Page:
Last Tuesday Windows 10 was publicly presented as the newest installment of the Microsoft operating system, sequential numbering be damned. The new OS aims to bring a bit of common sense back to the product by reintroducing features lost along the way in recent years or adding features that the competition has already been using for years. Even if you don’t have the new OS, though, with a little help from free third-party programs it’s possible to add many of the features included in Windows 10 to your own version of Windows right now.
The return of the Start menu
Why did it go? What crime did it commit? Is it still alive? With the arrival of Windows 8 Microsoft killed the user desktop experience in one fell swoop, and it was just a matter of time before they tried to mend their error by bringing back at least the button itself and a scrawny help menu with the launch of 8.1 Update 1, the first big update to the system. Apparently they’re now back on the bandwagon and Windows 10 will bring back the proper menu instead of the updates from the current version.
It’s precisely the menu’s absence that has prompted the appearance of many third-party programs, like Start8 or Classic Shell, that offer the option to bring back the start menu. Classic Shell, for one, is totally free and offers many customization options to leave the menu just how you like it.
That said, Windows 10 will integrate the blinking (and to a certain extent useless on desktop computers) “Live Tiles” into the Start menu, as well as the context search that until now was relegated to the Metro desktop. And from this feature, we now jump to another equally necessary one (or equally disposable, depending on your viewpoint).
Metro applications in a window
Another of Microsoft’s mistakes was to create two types of totally incompatible software: traditional desktop programs and Windows Store applications. Initially the latter could only run in obligatory full-screen mode, creating considerable havoc with its two active program bars, the one for ModernUI to the left and the one for desktop programs to the right. Luckily, now everything is going back to its proper place.
Windows 8.1 also attempted to fix this error by adding close and minimize buttons to Metro programs, but in the end the two types are simply going to be fused, so that Metro applications can run in windows and coexist with the rest of the traditional desktop. Like with the Start menu, quick-thinking developers seized on this failure, and as of a while ago released the tool ModernMix, which offers exactly the same feature.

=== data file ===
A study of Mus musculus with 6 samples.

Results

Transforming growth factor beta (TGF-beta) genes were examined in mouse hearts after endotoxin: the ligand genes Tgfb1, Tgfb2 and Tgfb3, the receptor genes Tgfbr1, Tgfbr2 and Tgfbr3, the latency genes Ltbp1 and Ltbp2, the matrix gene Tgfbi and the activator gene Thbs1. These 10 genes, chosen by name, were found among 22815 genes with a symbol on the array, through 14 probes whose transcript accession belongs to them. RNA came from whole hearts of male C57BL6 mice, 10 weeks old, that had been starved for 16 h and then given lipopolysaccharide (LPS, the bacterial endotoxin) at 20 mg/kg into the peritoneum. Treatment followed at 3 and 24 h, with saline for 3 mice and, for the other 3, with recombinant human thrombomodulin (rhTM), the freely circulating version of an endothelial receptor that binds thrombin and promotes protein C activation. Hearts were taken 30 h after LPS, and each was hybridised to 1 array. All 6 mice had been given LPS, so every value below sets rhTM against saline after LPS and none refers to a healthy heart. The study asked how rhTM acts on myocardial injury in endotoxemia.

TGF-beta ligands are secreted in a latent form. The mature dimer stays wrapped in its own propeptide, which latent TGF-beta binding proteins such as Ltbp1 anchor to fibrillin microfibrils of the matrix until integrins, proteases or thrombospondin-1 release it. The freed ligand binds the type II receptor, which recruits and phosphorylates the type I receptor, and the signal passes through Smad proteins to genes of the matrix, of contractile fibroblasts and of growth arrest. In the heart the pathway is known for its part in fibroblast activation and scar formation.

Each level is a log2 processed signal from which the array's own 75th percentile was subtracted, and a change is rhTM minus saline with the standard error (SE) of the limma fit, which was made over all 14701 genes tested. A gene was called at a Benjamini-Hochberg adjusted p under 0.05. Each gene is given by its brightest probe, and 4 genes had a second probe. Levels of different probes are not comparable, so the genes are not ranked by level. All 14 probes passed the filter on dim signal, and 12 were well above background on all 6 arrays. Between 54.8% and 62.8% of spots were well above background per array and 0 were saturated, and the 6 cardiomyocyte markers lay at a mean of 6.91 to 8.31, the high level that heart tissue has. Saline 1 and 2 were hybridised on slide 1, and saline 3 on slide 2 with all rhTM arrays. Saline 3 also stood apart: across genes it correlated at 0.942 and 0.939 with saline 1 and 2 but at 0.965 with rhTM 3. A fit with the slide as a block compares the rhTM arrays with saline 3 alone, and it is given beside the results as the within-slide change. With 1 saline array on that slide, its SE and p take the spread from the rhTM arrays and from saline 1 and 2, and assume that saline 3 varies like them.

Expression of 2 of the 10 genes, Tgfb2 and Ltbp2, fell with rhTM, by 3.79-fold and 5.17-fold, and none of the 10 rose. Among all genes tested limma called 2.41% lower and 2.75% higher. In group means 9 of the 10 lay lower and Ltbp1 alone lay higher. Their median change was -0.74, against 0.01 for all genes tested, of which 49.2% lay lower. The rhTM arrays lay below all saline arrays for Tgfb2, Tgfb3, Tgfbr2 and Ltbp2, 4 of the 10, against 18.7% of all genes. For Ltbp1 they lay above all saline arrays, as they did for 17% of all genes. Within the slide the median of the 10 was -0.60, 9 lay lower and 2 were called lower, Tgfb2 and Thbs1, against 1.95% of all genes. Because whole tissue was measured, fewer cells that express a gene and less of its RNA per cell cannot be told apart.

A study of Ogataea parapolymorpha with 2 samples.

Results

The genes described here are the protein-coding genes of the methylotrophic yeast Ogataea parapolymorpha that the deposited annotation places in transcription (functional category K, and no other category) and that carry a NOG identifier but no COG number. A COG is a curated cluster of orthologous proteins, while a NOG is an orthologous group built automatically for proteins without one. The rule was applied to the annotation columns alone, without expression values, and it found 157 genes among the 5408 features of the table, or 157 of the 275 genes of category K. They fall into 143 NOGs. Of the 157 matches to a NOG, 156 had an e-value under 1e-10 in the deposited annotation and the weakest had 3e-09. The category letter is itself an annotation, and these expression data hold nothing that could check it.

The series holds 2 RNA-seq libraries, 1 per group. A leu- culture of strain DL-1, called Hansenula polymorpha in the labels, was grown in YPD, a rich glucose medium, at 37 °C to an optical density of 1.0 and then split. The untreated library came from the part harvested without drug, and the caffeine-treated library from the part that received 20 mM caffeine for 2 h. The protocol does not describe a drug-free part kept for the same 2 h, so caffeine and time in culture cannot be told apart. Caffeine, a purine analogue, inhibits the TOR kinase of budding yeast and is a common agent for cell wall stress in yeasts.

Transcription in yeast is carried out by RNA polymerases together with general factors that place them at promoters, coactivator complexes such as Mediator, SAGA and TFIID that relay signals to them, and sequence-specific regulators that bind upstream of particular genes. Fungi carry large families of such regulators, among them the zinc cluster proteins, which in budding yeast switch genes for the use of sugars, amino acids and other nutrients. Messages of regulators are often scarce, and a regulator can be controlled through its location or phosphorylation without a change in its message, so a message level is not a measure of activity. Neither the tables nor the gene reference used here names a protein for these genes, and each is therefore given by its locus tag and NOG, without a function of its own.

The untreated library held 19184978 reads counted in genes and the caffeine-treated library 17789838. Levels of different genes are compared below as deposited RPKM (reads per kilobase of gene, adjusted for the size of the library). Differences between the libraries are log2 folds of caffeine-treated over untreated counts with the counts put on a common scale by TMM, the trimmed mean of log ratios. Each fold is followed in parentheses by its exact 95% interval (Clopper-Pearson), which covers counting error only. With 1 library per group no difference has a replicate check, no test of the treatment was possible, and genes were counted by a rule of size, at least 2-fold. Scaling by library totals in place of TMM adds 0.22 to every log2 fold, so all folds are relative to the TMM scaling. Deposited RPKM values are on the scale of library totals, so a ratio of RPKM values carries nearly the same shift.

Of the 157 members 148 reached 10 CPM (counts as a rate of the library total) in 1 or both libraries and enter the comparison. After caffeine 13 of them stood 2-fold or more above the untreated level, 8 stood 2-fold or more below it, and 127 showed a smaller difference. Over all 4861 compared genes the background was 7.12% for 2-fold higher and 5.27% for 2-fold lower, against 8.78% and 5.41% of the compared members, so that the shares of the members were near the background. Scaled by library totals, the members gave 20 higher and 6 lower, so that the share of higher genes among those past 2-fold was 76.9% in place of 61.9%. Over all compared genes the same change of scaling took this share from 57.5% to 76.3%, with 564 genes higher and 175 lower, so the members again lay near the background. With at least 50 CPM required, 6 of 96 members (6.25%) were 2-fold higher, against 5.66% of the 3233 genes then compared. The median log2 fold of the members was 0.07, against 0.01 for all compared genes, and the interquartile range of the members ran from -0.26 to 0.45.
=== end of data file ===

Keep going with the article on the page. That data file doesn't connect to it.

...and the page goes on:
And now the problem: If the apps for Windows Store were born as competition for the business model offered by Google and Apple for working on tablets and other portable devices, what are they good for now beyond providing a touchscreen interface? Clearly, we have to read a bit between the lines here to find the answer: Centralization and monopoly over its system services, which is of very little interest to anybody.
In the beginning God create the heaven and the earth and Linux multi-desktop support. How is it possible that only now it occurs to Microsoft to include a system of several workspaces or some alternative that offers similar services? Again, we have here loads of third-party programs that offer this much-needed feature that Microsoft was holding back on offering.
The windows in Windows 10 are “sticky”. In other words, they adapt and adjust to one another when you have several open at the same time. Yet another feature that has taken ages to arrive and whose absence we have pointed out before on the blog.
WinDock is a free tool that lets you create custom profiles with preset nodes for certain programs, as well as configure in-depth the sorts of mouse gestures you want to use to make the windows change size or adapt to other windows or the borders of your desktop. Essential for working comfortably with several programs at the same time.
The ubiquitous Alt + Tab is by now basically programmed into your fingers, but it has rarely received much development beyond letting you switch between different tasks. Windows 10 has finally given this a bit of attention and brought a new task-viewer button with a much more robust look than the one formerly available on the operating system.
Nevertheless, there are loads of other programs aimed at improving switches between open windows. In fact, VistaSwitcher is one of the best alternatives out there, displaying all the open windows in a list alongside a preview showing where exactly the window is located on your desktop. You can also move them around, size them, minimize them, or close them en masse.